The Jordanian authorities expelled the Syrian ambassador to Amman last week, ordering him to leave the country within 24 hours. Jordanian officials insist that the expulsion was based on the ambassador’s actions, not in reaction to tension with the Assad regime. Hours after the announcement, the Syrian National Coalition assigned a representative to Jordan, currently pending Amman’s approval.

Analysts assert that the events are indicative of a shift in Jordan’s stance towards the Syrian crisis and the regime.

Ghassan Mufleh, a member in the Syrian National Council, emphasised that Jordanian’s approval of a Syrian opposition representative would be an indicator of cooperation between Jordan and the opposition.

The Syrian National Coalition issued a statement thanking the Jordanian government, claiming that ambassador Suleiman had “violated diplomatic protocols”. The statement concluded by calling for “similar moves” in the region which would further isolate the Assad regime.

In a TV interview from Damascus on Wednesday, the expelled ambassador claimed that Jordan is running an operation room to conduct “terrorist attacks” against Syria from inside one of Amman’s hotels. “Jordan is an essential link of aggression against Syria,” he added.

Suleiman is considered to be one of the most powerful Alawite officers in Syria; he had previously served as head of the Internal Intelligence Security in Syria.

“The decision came really late,” said Dr. Nabil Al Sharif, a Jordanian political analyst, adding that ambassador Suleiman abused Jordan and had many suspicions movements and meetings in the Kingdom.

“He [Suleiman] has violated all diplomatic norms,” he added.

The ambassador’s expulsion was immediately followed by the coalition’s decision to assign Mohamad Mraweh, a young opposition figure, as representative to the Kingdom.

At the same time, the deputy prime minister of the opposition’s interim government, Eyad Al-Qudsi, visited Amman on Wednesday, reported Zaman Alwasl, an anti-regime news outlet. Al-Qudsi’s visit could precede greater standing for the opposition in Amman; an anonymous source in the same report declared that the interim government’s headquarters in Amman will “host the embassy of the Syrian opposition”.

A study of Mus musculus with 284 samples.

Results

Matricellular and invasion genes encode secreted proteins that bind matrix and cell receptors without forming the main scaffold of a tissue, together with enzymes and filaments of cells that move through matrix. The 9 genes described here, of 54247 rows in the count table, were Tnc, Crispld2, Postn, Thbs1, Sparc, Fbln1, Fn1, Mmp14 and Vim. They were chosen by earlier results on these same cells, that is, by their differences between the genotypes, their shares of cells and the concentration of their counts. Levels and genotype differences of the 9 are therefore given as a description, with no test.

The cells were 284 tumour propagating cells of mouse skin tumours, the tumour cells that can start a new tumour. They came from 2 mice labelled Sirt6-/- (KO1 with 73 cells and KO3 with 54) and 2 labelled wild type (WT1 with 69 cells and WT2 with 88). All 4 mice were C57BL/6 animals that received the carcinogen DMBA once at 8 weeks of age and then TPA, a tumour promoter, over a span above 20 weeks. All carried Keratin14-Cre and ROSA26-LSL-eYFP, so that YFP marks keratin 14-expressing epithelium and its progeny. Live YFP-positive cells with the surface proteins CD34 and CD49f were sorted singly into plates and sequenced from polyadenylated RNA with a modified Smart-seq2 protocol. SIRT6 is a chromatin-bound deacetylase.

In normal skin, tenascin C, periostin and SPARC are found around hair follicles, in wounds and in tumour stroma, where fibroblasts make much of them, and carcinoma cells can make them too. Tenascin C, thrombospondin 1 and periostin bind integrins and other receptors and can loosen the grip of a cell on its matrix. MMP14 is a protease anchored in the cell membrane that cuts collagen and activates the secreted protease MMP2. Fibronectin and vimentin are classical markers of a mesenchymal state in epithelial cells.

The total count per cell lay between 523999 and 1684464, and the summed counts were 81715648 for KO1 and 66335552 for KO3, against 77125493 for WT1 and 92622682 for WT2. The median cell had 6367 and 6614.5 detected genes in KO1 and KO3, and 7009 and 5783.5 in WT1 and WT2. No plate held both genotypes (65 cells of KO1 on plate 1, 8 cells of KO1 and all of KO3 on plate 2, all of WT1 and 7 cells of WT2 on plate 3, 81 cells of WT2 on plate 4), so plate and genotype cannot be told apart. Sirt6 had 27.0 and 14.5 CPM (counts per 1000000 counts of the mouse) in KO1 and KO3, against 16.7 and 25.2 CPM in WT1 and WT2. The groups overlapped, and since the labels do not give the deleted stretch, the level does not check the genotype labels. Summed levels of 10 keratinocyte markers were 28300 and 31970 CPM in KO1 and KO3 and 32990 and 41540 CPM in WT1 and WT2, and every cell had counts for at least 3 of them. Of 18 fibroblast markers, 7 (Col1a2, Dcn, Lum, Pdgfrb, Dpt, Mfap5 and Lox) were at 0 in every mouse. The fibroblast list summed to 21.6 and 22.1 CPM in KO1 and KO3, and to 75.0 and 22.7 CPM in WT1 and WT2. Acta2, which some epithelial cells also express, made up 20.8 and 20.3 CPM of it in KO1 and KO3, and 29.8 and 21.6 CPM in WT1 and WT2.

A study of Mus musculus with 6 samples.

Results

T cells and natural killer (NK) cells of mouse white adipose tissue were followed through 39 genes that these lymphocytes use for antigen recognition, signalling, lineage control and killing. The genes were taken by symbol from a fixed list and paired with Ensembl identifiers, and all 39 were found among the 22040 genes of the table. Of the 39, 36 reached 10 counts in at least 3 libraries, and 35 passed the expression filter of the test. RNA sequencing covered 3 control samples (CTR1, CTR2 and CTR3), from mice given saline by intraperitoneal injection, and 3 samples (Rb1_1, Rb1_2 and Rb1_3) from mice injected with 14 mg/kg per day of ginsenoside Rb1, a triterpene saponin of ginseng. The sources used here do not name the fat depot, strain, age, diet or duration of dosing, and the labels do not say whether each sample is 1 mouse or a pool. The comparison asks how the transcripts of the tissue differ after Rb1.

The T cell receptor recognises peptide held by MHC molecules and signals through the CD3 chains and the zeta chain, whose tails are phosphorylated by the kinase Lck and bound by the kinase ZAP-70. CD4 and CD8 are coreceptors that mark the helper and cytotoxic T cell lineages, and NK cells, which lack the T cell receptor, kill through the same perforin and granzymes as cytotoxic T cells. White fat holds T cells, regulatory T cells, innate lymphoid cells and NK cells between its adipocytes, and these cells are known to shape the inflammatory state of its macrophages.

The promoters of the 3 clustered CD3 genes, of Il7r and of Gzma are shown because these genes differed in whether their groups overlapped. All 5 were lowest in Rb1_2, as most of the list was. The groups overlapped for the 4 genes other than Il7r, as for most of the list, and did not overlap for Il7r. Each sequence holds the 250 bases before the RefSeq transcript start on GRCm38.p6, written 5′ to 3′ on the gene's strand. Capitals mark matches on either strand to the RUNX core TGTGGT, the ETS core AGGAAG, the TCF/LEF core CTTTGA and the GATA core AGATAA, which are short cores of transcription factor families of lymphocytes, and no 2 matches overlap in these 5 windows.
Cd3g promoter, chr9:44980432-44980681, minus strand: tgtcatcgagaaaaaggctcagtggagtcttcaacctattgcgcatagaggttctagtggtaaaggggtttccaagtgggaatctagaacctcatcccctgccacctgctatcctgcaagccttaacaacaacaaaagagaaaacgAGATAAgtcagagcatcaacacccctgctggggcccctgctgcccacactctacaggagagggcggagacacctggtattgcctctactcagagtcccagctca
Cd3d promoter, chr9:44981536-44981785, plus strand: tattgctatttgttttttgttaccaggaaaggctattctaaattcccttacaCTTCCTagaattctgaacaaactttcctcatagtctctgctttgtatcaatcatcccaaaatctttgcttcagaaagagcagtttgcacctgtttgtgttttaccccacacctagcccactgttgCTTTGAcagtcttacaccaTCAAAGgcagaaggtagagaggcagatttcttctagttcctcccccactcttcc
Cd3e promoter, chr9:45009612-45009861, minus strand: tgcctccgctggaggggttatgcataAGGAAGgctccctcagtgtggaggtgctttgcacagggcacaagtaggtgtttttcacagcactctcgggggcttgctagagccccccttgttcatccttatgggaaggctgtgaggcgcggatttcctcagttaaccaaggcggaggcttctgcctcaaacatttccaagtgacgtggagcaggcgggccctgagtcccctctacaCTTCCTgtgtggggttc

Samir Sattouf, a founding member of the Syrian National Council and head of the Syrian Democratic National bloc told MEMO that the Jordanian government gave an unofficial “political approval” for Mraweh as representative of the coalition. Sattouf noted however the coalition’s history of instability and internal conflict had resulted in “unfriendly” relations with Jordan.

The Syrian Foreign Ministry reacted to Jordan’s decision with the expulsion of the Jordanian ambassador to Syria. Damascus announced on Wednesday that the Jordanian charge d’affaires in Syria is “persona non grata”.

Reactions to the tensions were expressed by the Jordanian people. A Jordanian parliament member, Wasfi Al-Zayoud, addressed Al-Assad in a parliamentary session threatening that Jordan’s army can reach Damascus in “three hours”.

Meanwhile, media reports confirm that residents of Jordanian border villages witnessed shelling and explosions in Syria. The residents expressed fear that the assaults will cross the border into Jordan. The Jordanian army is on a “state of alert” on the 375 kilometre shared border with Syria.

Mufleh regards Jordan’s stance towards the revolution and the Syrian people as positive, in spite of the threats that the Assad regime has made against the Jordanian government.

“Jordan can play a role in making Daraa [a southern province in Syria] a safe area to protect civilians from Al-Assad’s brutal airplanes,” he added.

Jordan’s leadership has consistently expressed that political negotiation is the only solution for the Syrian crisis. It is an active member of the pro-opposition Friends of Syria group and has voted in the Security Council for a resolution to refer war crimes in Syria to the International Criminal Court (ICC).

At the request of the Jordanian government, US military leaders have been manning Patriot anti-missile batteries close to the Syrian border since April 2013. During this time, the Jordanian air forces have destroyed armoured vehicles belonging to the Assad regime near the border. The presence of the regime’s military vehicles is viewed by the coalition as the regime’s attempt to “export its crisis to neighbouring countries”.

Meanwhile, Jordan is involved in the US-backed training of Syrian opposition fighters as well as in the facilitation of transporting weapons to rebels in the Southern Front, a coalition of around 50 moderate rebel groups.

For geographical and social reasons, Sattouf believes that Jordan holds an important role in reaching a solution to the crisis. He also feels that any decision from Jordan towards Syria is influenced by the West’s plan to shape the solution. “All Arab countries are non-sovereign countries when making decisions towards the Syrian issue,” Sattouf explained.

“The Jordanian stance is compatible with its interests in the first place,” added Al-Sharif, who previously served as Jordan’s minister of media affairs and a government spokesperson. He concluded that though Jordan has taken new action towards relations with Syria, its decisions align with its ongoing stance which views political solutions as the best fit for Syria to end the suffering.

“It is not a crisis happening in Mars; it is a crisis happening in our back yard.”

 

 

 

 

The views expressed in this article belong to the author and do not necessarily reflect the editorial policy of Middle East Monitor.